Underground cartooning has always been a strangely self-obsessed business. From Robert Crumb’s examinations of his own sexual neurosis to later exponents like Sammy Harkham’s in-jokes about the minutiae of strip creation and the circles of friends and antagonists it brings with it, one of the ways that the medium’s avant-garde distances itself from the comic book mainstream has been through lacerating self-analysis and uncomfortable, often obscene humour. A humour that regularly reveals surprisingly complex emotional truths.
Simon Hanselmann‘s Megg and Mogg strips – available for all to see on his excellent and frequently updated tumblr – continue squarely in this tradition. The stories are based around the misadventures of the titular children’s book witch and her cat. All grown up, they’ve crashed into adulthood without a clue as to how to respond other than by getting stoned, watching endless TV reruns and indulging in cruel pranks, often at the expense of their long-suffering housemate, Owl.
On first glance one could interpret their blank-eyed response to the world as an end in itself. An opportunity for Hanselmann to indulge in as many numbed, scatological yucks as he can cram onto the page, but further reading also reveals a bruised underside. A real pain amongst all the hollow laughter as the endless circle of drugs, pettiness and fun-that-just-isn’t-that-much-fun builds up.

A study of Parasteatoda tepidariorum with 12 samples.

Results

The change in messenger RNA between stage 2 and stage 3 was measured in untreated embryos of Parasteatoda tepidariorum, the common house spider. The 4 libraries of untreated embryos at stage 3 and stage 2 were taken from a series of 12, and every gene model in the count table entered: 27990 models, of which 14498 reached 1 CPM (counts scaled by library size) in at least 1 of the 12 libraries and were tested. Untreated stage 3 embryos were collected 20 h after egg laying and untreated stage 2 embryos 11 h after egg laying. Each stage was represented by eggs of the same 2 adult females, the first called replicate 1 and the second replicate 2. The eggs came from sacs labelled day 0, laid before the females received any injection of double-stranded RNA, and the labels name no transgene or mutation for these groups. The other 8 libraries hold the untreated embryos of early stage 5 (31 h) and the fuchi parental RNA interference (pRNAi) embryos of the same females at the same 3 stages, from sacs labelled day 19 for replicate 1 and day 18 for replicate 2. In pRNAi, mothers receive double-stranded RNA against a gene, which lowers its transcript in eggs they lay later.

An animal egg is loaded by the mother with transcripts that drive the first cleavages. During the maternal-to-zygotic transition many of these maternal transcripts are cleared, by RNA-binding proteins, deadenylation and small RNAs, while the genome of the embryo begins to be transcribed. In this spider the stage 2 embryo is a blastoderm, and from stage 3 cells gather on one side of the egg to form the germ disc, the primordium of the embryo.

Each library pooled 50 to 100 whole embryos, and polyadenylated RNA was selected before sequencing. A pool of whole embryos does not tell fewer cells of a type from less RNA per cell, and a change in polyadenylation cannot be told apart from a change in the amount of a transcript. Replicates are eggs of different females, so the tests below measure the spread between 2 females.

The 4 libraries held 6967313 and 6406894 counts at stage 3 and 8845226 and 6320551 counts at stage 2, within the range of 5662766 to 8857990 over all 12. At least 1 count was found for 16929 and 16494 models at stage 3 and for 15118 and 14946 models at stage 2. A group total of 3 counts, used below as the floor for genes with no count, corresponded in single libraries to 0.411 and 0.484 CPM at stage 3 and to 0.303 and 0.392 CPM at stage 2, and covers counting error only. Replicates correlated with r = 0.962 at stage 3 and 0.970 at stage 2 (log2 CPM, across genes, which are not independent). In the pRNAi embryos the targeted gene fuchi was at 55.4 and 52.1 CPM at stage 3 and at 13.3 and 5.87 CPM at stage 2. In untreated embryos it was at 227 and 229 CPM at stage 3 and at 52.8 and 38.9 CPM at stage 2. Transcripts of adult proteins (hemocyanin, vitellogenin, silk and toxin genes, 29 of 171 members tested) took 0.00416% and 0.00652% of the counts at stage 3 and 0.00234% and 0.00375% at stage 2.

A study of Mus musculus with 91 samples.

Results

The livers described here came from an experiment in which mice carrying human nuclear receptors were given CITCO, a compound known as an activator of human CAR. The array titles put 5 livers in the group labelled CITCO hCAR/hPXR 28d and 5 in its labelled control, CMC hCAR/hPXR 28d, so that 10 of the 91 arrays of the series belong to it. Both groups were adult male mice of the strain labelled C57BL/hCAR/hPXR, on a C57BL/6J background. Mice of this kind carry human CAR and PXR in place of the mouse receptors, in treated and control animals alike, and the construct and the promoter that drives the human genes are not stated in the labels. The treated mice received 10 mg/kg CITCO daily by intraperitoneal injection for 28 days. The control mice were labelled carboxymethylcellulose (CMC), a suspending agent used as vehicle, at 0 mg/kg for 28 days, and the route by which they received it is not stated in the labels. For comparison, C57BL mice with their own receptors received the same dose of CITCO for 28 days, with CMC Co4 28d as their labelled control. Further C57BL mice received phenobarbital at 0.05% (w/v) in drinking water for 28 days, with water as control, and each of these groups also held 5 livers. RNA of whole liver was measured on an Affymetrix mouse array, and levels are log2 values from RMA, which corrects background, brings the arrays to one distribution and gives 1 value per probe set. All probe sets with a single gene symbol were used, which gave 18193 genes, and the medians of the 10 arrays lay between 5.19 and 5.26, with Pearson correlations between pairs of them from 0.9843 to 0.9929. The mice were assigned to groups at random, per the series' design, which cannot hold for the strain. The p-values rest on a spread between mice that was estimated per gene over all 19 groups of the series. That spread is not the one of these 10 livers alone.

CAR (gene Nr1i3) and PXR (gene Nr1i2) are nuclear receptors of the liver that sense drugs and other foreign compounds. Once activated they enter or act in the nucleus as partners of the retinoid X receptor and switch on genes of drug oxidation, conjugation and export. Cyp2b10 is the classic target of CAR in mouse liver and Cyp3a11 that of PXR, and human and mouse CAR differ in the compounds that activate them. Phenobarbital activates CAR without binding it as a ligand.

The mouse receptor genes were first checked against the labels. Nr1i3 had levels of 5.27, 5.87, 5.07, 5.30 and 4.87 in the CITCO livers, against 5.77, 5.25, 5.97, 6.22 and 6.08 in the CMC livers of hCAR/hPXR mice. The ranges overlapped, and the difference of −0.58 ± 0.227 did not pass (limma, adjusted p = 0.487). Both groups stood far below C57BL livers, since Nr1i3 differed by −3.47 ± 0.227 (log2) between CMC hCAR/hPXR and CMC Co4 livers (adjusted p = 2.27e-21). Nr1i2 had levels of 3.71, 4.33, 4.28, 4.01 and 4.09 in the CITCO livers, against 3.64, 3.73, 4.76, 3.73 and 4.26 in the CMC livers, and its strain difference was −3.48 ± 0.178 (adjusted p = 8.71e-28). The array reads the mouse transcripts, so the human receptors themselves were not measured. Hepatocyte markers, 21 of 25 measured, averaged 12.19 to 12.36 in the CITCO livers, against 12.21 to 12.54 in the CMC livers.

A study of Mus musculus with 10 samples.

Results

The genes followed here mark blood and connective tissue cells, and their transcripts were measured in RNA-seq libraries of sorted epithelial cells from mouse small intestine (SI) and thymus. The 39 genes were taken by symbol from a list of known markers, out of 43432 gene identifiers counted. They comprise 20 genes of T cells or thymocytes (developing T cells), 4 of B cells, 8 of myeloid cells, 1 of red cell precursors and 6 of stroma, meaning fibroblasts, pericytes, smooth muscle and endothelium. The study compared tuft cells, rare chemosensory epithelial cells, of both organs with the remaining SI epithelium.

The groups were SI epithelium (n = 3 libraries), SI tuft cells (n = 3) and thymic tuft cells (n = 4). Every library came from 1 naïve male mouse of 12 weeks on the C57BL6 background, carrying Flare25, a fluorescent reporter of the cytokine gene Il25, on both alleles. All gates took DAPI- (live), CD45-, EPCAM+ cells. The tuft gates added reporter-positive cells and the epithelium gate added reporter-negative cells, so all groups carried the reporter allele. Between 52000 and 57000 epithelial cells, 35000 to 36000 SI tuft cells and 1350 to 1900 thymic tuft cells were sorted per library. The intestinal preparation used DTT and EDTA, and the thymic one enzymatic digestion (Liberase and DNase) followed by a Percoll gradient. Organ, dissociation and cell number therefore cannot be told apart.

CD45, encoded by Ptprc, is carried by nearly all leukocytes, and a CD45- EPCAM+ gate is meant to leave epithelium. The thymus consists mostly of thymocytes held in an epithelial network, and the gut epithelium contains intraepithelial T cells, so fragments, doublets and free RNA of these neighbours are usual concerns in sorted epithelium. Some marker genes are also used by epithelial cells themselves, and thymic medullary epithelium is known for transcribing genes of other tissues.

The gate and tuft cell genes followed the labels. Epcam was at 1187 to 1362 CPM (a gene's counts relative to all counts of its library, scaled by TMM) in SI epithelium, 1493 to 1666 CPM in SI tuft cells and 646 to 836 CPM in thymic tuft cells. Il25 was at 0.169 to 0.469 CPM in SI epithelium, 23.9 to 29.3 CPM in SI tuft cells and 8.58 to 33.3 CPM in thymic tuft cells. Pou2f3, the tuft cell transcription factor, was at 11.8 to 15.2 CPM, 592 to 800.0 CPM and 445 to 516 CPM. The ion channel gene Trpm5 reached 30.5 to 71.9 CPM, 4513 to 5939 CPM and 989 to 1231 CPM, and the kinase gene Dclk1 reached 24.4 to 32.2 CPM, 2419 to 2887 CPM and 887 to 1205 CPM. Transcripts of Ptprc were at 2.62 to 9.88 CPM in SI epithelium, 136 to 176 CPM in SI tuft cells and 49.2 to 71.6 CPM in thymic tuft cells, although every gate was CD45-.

Take the standalone strip, ‘Megg’s Depression’. Seven near identical panels of Megg’s head against the pillow, distinguishable only by the different positions of her strands of hair, before an inky gunk starts pouring from the mouths of three sinister, floating female heads around her bed, eventually blocking out the room and staining the panel a deep, impenetrable black. A simple metaphor, certainly, but one that brings perspective to her cynical antics throughout the proceeding strips, throwing sharp relief onto the character’s psychology and the root of her narcissistic behaviour.
Of course, all of this would be just so much angst if the strips weren’t funny, but thankfully, funny they are and frequently hysterically so. Hanselmann is a master of the silent panel, using wordless expression to allow the reader to register feelings of disgust, shock and bewilderment, before ploughing on into another mess of beautifully rendered disarray. The art style is cartoony, certainly, but the emotions depicted are vividly real. He also has a tight grip when it comes to depicting suburban boredom -the identikit buildings that characters stroll past on their way to the video store, the tiny shafts of light that cut through a filthily curtained window –and he uses this limited palette to explore a yawning chasm of alienation, guilt and shifty, uncomfortable hilarity.
While the singularity of Hanselmann’s approach neatly ensures that he won’t be seen as an inheritor of anyone’s mantle any time soon, his commitment to his subject matter carves him out as the latest in a long line of great cartoonists dealing squarely with the pressures of enforced adulthood on the adolescently-minded. It’s the shocking mess that can get left behind when we try, and fail, to grow up too fast and too late.
Simon Hanselmann’s Megg and Mogg strips can be viewed on his Girl Mountain tumblr.